The Colorado rental agreements are contracts established between a landlord and a tenant who will use a rental property in exchange for regular rent payments (usually monthly). These contracts establish the rules, terms, and conditions for the property, and must comply with Colorado’s landlord-tenant law.
Colorado Rental Agreement Types
The Colorado residential lease agreement ("rental agreement") outlines the conditions set by a landlord and a tenant for the purpose of renting residential real estate. The contract will include the period of the agreement ("term"), the payment amount ("rent"), and the obligations of the tenant while leasing the property.
The Colorado month-to-month rental agreement is a written document between a landlord and tenant that officially recognizes a legally binding relationship between the two parties. This document outlines an agreement for the renting of property and details the monthly rent, property description, in addition to the landlord and tenant’s responsibilities.
The Colorado sublease agreement allows a tenant ("sublessor") to rent, or sublet, part of the rental property to a new tenant (“sublessee”). Under this contract, the sublessee must make regular, periodic payments towards the initial tenant’s rental amount in exchange for use of all (or part) of the property.
The Colorado roommate agreement (“room rental agreement”) is a document that all co-tenants in a roommate or shared residential situation must sign. This contract lays out the responsibilities of each roommate, including financial expectations, terms, and other rules associated with sharing the space.
The Colorado commercial lease agreement is a contract used by a business to rent office or retail spaces. This written document establishes the relationship between a landlord and a tenant or business and describes the terms and conditions associated with renting commercial spaces.
Colorado Required Lease Disclosures
- Lead Based Paint Disclosures (required for some) – Any Colorado building built before 1978 must include a lead based paint disclosure form that has a EPA-approved pamphlet and record of any known lead paint hazard to avoid liability in case of lead paint poisoning.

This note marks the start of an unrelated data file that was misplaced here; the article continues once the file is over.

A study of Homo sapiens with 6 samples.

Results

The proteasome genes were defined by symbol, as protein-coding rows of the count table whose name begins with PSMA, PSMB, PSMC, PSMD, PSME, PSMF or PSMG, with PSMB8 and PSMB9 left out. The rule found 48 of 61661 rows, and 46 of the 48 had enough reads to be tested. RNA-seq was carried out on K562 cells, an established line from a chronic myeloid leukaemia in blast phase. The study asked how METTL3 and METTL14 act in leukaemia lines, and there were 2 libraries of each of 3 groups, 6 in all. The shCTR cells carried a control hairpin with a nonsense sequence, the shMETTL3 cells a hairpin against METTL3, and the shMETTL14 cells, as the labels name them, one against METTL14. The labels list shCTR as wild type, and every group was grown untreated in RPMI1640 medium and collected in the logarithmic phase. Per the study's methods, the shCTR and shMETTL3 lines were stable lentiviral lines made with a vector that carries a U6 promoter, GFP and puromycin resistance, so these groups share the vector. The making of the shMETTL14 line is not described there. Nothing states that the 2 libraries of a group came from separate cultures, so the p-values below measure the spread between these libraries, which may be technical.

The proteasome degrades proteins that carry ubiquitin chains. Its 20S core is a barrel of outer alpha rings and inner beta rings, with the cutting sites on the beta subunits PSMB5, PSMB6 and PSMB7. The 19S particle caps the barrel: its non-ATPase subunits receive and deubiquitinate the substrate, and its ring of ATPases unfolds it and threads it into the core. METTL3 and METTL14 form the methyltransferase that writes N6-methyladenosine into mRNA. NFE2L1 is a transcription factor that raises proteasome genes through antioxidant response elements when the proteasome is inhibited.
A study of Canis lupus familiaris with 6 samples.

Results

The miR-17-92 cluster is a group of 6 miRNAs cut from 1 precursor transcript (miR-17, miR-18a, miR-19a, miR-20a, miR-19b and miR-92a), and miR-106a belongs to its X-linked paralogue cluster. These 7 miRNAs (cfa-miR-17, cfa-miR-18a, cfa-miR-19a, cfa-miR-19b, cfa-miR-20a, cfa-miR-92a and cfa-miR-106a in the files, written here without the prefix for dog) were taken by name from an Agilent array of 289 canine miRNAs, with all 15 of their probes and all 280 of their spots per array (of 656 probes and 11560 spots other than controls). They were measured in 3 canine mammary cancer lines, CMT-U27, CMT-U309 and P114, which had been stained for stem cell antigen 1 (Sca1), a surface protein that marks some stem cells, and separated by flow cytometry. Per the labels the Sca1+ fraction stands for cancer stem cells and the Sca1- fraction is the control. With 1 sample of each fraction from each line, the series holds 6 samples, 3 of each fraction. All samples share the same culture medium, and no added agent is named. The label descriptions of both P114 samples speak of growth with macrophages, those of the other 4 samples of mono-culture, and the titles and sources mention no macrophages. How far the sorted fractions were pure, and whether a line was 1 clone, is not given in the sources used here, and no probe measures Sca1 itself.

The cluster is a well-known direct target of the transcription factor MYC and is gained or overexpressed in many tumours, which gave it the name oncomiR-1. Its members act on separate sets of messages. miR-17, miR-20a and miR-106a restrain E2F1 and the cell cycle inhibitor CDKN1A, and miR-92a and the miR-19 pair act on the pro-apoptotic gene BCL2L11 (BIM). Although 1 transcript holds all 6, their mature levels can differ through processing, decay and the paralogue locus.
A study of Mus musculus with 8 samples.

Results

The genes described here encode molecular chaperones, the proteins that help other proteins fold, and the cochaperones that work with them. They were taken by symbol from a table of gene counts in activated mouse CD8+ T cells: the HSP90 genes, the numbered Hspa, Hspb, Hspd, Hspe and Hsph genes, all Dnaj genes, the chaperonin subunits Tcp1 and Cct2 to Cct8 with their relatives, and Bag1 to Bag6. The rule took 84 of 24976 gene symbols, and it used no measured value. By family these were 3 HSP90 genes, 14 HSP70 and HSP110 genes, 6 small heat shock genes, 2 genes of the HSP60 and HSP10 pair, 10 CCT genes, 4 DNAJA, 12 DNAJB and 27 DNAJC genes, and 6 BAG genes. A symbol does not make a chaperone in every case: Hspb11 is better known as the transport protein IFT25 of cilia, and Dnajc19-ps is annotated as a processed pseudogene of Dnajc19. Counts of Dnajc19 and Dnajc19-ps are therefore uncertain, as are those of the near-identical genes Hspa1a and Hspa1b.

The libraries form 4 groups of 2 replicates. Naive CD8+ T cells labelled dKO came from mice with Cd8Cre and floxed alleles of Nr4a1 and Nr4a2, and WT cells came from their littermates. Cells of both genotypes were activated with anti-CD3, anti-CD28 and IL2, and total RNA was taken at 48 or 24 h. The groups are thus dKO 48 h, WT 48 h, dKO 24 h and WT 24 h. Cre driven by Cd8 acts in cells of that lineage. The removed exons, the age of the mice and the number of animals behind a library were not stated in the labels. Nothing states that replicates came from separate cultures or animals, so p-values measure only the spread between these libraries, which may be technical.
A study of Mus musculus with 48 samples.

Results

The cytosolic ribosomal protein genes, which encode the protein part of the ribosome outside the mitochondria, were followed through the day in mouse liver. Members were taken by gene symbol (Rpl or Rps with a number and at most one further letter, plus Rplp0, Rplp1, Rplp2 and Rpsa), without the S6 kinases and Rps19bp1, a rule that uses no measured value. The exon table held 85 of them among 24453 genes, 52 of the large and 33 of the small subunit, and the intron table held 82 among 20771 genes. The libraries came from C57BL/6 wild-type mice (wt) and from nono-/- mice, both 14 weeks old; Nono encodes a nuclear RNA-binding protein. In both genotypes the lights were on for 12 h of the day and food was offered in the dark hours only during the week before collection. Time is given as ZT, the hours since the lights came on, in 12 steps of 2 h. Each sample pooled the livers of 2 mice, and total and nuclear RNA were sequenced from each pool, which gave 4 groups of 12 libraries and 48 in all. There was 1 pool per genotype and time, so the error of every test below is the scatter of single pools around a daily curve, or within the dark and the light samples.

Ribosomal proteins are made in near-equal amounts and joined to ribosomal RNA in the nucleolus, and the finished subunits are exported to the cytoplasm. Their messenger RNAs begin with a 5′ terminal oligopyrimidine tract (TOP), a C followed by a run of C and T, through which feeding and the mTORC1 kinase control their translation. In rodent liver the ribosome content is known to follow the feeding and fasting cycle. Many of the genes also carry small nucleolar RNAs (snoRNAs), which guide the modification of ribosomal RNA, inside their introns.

To learn more about required disclosures in Colorado, click here.
Colorado Landlord Tenant Laws
- Warranty of Habitability – Colorado landlords must provide plumbing, running water, heating, electrical outlets, rodent extermination, and more to all tenants. Any repairs made to these amenities must be addressed within 24 hours of a request and completed within 96 hours thereafter. Otherwise, an effected tenant may perform a repair and deduct or withhold rent entirely.
- Evictions – Colorado landlords may evict tenants for a number of reasons including a failure to pay rent, a violation of a leasing term, or the committing of an illegal act. All three of these evictions require a 3-day notice, meaning that they can be completed in less than a week.
- Security Deposits – Landlords for mobile homes in Colorado cannot charge more than the value of a single month’s rent as a security deposit. Apartment-renting landlords are not limited in this manner. In either case, a Colorado landlord has 1 month to return collected deposits after a lease concludes.
- Lease Termination – A lease in Colorado can be legally terminated if a tenant provides proof of their active military duty, victimization by landlord harassment, proof of a gas leak, or harm caused by living in an “uninhabitable.” Leases of 6-12 months in length only require 28 days of advance notice, though.
- Rent Increases & Fees – Colorado landlords are free to raise rent whenever and without limitation. The same goes for fees in Colorado. In both cases, standards are established by a lease agreement.
- Landlord Entry – A Colorado landlord may enter a tenant’s dwelling whenever they’d like and without stating a specific reason. Any entry standards of this kind must derive from a lease agreement.
- Settling Legal Disputes – In Colorado, a landlord-tenant dispute valued at $7,500 or less can be heard in small claims court. Eviction cases, however, are handled by the state’s civil courts.
To learn more about landlord tenant laws in Colorado, click here.